The state-run Korean Central News Agency, according to the Associated Press, said, ”The only way to prevent a catastrophic crisis of a war … is to conclude a non-aggression treaty between North Korea and the U.S. at an early date.”
The news agency reported that North Korean officials had tried to start talks regarding a treaty only to be rebuffed by U.S. officials who said there would be no dialogue unless North Korea agrees to abandon its nuclear weapons programs.
North Korea’s official newspaper said the United States “went so far as to openly declare a war against the DPRK [North Korea].”
Monday’s statement is the latest in a series of escalating exchanges between the U.S. and one of its last Cold War foes.
North Korea admitted last month, after being questioned by U.S. officials, that it had secretly restarted a nuclear-development program that had been frozen since a 1994 agreement between the two countries.
The hard-line communist nation also announced last week that it would reactivate a plutonium-based reactor that U.S. officials said could be used to produce nuclear weapons.
North Korean officials complained Monday that the United States had retaliated for the renewal of the nuclear program by halting food shipments to the impoverished communist country.
“The United States has so far claimed that aid to had nothing to do with the ‘nuclear issue,'” a North Korean Foreign Ministry spokesman was quoted in the government newspaper.
The Bush administration has said that further food aid will be contingent upon North Korea allowing more monitoring of its distribution throughout the country, a condition North Korea has called “unreasonable.”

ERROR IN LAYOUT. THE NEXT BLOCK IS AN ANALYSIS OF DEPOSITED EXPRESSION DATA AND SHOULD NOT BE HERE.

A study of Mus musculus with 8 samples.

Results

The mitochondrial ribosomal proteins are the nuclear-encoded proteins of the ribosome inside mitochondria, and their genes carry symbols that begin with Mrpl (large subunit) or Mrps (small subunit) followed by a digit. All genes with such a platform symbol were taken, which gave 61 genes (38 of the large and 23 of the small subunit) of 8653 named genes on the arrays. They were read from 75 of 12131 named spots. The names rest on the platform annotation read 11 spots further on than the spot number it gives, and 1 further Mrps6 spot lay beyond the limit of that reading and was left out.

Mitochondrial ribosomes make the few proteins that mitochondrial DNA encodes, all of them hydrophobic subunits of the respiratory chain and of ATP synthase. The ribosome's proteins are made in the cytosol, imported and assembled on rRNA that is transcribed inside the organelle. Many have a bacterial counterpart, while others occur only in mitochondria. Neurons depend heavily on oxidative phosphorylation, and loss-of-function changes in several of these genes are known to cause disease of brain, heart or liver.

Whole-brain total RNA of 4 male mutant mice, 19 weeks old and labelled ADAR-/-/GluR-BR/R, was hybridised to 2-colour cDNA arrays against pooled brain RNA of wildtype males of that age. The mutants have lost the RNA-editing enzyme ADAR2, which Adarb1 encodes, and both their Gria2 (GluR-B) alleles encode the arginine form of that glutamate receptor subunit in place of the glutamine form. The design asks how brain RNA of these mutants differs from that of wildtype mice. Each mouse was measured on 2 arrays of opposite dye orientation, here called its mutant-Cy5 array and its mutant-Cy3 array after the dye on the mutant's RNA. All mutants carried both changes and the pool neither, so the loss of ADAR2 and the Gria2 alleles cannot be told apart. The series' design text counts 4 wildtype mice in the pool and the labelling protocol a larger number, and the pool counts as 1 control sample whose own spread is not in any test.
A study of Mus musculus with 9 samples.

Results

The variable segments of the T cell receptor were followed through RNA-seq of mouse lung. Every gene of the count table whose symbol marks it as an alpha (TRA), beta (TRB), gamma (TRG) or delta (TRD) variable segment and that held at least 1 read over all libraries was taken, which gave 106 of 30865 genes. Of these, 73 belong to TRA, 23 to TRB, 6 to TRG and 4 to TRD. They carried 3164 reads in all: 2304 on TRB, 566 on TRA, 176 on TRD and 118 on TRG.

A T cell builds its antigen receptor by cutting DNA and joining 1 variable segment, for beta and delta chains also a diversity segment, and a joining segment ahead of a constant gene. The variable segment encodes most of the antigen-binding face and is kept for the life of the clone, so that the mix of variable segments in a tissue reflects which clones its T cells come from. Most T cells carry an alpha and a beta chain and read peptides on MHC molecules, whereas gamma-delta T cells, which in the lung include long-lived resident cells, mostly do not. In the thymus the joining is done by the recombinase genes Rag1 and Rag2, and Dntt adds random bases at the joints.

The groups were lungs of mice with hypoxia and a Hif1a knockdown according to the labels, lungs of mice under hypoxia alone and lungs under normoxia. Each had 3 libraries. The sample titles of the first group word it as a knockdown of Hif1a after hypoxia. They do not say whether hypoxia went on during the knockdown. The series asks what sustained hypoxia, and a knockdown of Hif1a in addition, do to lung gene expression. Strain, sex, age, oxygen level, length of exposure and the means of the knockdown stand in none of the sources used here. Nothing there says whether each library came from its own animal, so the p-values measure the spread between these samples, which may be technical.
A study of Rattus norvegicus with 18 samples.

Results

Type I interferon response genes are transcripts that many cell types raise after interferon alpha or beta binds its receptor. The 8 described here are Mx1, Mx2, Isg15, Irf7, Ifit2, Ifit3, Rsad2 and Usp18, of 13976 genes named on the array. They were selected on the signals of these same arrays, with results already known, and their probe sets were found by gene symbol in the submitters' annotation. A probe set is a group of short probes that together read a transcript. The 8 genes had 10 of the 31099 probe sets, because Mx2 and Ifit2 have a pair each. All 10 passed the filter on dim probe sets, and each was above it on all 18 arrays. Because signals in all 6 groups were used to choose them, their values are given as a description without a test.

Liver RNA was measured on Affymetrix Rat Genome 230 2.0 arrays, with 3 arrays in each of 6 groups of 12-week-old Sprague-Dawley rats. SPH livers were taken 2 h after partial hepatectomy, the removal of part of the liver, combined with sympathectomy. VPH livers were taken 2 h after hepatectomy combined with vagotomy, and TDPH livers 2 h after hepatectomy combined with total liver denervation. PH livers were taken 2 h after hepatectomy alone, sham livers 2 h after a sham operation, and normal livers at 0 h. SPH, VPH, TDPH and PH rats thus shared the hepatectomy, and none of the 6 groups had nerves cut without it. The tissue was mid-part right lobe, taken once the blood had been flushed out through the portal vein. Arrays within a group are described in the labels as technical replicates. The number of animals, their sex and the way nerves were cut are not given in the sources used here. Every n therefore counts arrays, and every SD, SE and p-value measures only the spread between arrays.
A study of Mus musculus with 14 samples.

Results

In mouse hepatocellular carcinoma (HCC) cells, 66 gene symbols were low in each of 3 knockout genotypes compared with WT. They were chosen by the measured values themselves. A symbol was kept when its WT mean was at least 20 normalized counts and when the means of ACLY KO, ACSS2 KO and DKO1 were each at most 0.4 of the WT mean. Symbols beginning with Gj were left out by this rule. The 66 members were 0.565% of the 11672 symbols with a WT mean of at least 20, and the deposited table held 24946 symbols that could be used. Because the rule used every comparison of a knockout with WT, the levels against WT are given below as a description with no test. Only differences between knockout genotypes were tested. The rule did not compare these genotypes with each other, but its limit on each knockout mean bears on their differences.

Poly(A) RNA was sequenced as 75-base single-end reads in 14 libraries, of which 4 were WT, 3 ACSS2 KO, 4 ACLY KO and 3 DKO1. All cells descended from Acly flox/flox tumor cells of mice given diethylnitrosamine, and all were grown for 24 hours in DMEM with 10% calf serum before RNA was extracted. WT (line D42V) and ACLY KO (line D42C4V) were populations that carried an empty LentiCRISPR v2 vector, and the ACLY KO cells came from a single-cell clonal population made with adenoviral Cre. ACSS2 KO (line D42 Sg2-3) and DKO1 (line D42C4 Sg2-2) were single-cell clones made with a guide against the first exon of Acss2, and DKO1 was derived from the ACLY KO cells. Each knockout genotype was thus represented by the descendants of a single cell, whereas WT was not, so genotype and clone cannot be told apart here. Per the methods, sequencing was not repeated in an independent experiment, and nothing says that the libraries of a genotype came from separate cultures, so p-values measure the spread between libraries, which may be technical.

Some international aid workers have said they suspect food aid meant to feed the poor is being diverted to North Korea’s military.
On Dec. 9 Spanish navy vessels seized a North Korean ship loaded with more than a dozen Scud missiles bound for Yemen and turned it over to the United States. After protests from the Yemeni government that the weapons had been legally bought from North Korea U.S. officials decided to release the ship.
U.S. officials were reportedly upset that Yemen, an ally in the war on terrorism, would be trading for arms with North Korea — a country Pres. George W. Bush has said belongs to an “axis of evil” that threatens the United States and world peace.
Americans officials have reportedly long-worried that North Korea, suffering under severe financial difficulties, would sell weapons to countries or groups hostile to the United States.
North Korea called the seizure of the ship “piracy” and demanded an apology from the United States.